Remembering to eat during a busy workday can be hard, whether you're at home or in the office – unless you stash some snacks away in your desk.
It's more important than you think. Dietitians say snacks shouldn't ever replace meals, but they're often necessary to hold you over until you can step away from the computer: Eating every three to four hours can keep your blood sugar stable, which can prevent severe health problems like heart disease, according to the Centers for Disease Control and Prevention. It can also help you effectively control your hunger over the course of a full day.
"What I see very often are people [who] come home and they haven't eaten for the day, because they've been too busy or haven't had a chance," Erica Leon, a registered dietitian and nutrition therapist based in New York, tells CNBC Make It. "When you become 'over-hungry' without realizing it, very often you go to the other side, which is overeating."
The trick, of course, is finding snacks that are both tasty and relatively healthy: A lot of popular snacks are loaded with excess sodium and sugar. That's typically fine in moderation, but probably not something you want to eat repeatedly on a daily basis.
Here's what a couple of dietitians and nutrition experts regularly keep at their own desks for everyday snacking:
Fruits with nut butter or cheese
Pairing your favorite fruit with any nut butter or cheese — like apple slices with peanut butter, or berries with cottage cheese — can be a great source of protein to help curb your hunger midday, says Leon. And, a bonus: It's an easy pairing to achieve with items that are probably already in your home.
If you don't currently have any fresh fruit, find a local farmer's market and make the time to stop by, says Kimberly Snodgrass, a food and nutrition expert and academy spokesperson at the Academy of Nutrition and Dietetics.
"Go to your local market and get a big fruit tray, and pick from there what you want," says Snodgrass. "It's already pre-chopped, pre-washed and it's a healthy snack that's readily available to you."
Nuts or seeds
Nuts and seeds come with two major benefits: They have a lot of protein, and they can easily fit inside or on top of almost any desk.
Snodgrass particularly recommends unsalted pistachios, because they additionally come with monounsaturated and polyunsaturated fats that are good for your heart. The salted versions, she says, come with way too much sodium — and you can always add your own salt to control how much you're ingesting.
In terms of seeds, Snodgrass says, chia seeds and flax seeds are the way to go, especially alongside some low-fat Greek yogurt. Both types of seeds contain fiber, which can lower your cholesterol. And protein from Greek-style yogurt makes the snack filling enough to do its job, research shows.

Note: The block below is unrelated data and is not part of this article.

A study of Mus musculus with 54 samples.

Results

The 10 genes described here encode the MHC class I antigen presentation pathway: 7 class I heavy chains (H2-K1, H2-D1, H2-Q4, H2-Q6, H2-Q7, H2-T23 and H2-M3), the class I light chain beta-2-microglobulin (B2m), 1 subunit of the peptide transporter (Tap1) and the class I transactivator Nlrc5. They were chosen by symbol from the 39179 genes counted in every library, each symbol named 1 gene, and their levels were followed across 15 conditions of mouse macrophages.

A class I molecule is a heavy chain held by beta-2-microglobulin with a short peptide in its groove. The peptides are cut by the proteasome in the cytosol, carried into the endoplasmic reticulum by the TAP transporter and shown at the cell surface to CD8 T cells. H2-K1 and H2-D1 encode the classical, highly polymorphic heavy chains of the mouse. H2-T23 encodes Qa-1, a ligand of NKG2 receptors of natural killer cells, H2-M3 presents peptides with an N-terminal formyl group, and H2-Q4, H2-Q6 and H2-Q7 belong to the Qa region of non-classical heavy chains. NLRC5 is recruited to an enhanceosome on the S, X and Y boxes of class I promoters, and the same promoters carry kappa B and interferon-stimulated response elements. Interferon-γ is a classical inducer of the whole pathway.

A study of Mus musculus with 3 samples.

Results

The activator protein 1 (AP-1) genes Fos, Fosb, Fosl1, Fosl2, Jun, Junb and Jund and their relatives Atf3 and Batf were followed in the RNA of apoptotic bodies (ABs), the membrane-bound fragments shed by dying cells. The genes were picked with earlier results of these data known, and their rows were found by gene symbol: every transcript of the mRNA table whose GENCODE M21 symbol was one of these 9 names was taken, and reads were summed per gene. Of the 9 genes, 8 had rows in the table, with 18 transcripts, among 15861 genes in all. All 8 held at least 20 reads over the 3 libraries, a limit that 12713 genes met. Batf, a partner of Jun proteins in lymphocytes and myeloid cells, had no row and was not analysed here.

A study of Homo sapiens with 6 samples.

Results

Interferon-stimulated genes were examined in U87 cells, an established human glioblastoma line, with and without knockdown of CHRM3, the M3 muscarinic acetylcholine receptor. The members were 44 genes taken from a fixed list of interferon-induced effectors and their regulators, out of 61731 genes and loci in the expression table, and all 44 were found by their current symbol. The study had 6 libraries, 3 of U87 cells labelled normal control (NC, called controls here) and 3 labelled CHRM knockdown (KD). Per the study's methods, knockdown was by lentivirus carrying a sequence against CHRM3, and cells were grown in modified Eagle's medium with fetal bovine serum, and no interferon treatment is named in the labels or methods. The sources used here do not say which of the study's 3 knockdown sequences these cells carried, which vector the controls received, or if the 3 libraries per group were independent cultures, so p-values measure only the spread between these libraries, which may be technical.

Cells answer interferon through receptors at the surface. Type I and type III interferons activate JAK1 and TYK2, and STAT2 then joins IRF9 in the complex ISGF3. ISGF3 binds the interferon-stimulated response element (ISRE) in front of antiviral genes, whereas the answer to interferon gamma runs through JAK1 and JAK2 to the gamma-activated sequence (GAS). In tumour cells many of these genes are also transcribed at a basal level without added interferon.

Snack bars are quick and easy treats to grab on your way out of the door, or as you head from the kitchen to your home office. Leon notes that they don't expire as quickly as other foods, so you can easily store them in your desk for a while.
Options range from granola bars to fig bars, with plenty of others in between — and some are healthier than others. A Consumer Reports guide from last year recommends looking for bars with zero added sugars, and at least three to five grams of fiber and protein. The report also recommends checking the list of ingredients: If the top of the list doesn't include oats, fruits, nuts or eggs, you should probably stay away.
Hummus and vegetables or bread
Leon says pairing hummus with vegetables or bread-based foods like crackers or pita bread can result in a nice combination of heart-healthy fats, protein, carbohydrates and fiber.
The carbohydrates and protein can help keep your blood sugar stable, says Leon. The CDC notes that the fiber can lower your blood cholesterol, and the potassium in vegetables can help your body regulate the fluids it needs to function.
Put together, Leon says, the combination can satisfy your hunger for a while. As for choosing between the breads and the vegetables, she adds: That's up to your own personal preference.
Sometimes, your brain or stomach might tell you that you're hungry — when, in reality, you might just need some water, Snodgrass says. She recommends keeping water at your desk and drinking some before getting up to go grab a snack, to check whether your body is alerting you to hunger or thirst.
"Typically, you'll see people running to get food when you have to check your cues and say, 'Wait a minute, did I even have any water today?' Because a lot of times, when you think you're hungry, you're really thirsty and dehydrated," she says.
If you're still hungry after drinking some water, get a snack — you probably need one. And if you want to make your water less plain, Snodgrass says, add fruits or vegetables to it: Additions like cucumbers, lemons or mint can provide the extra flavor you desire.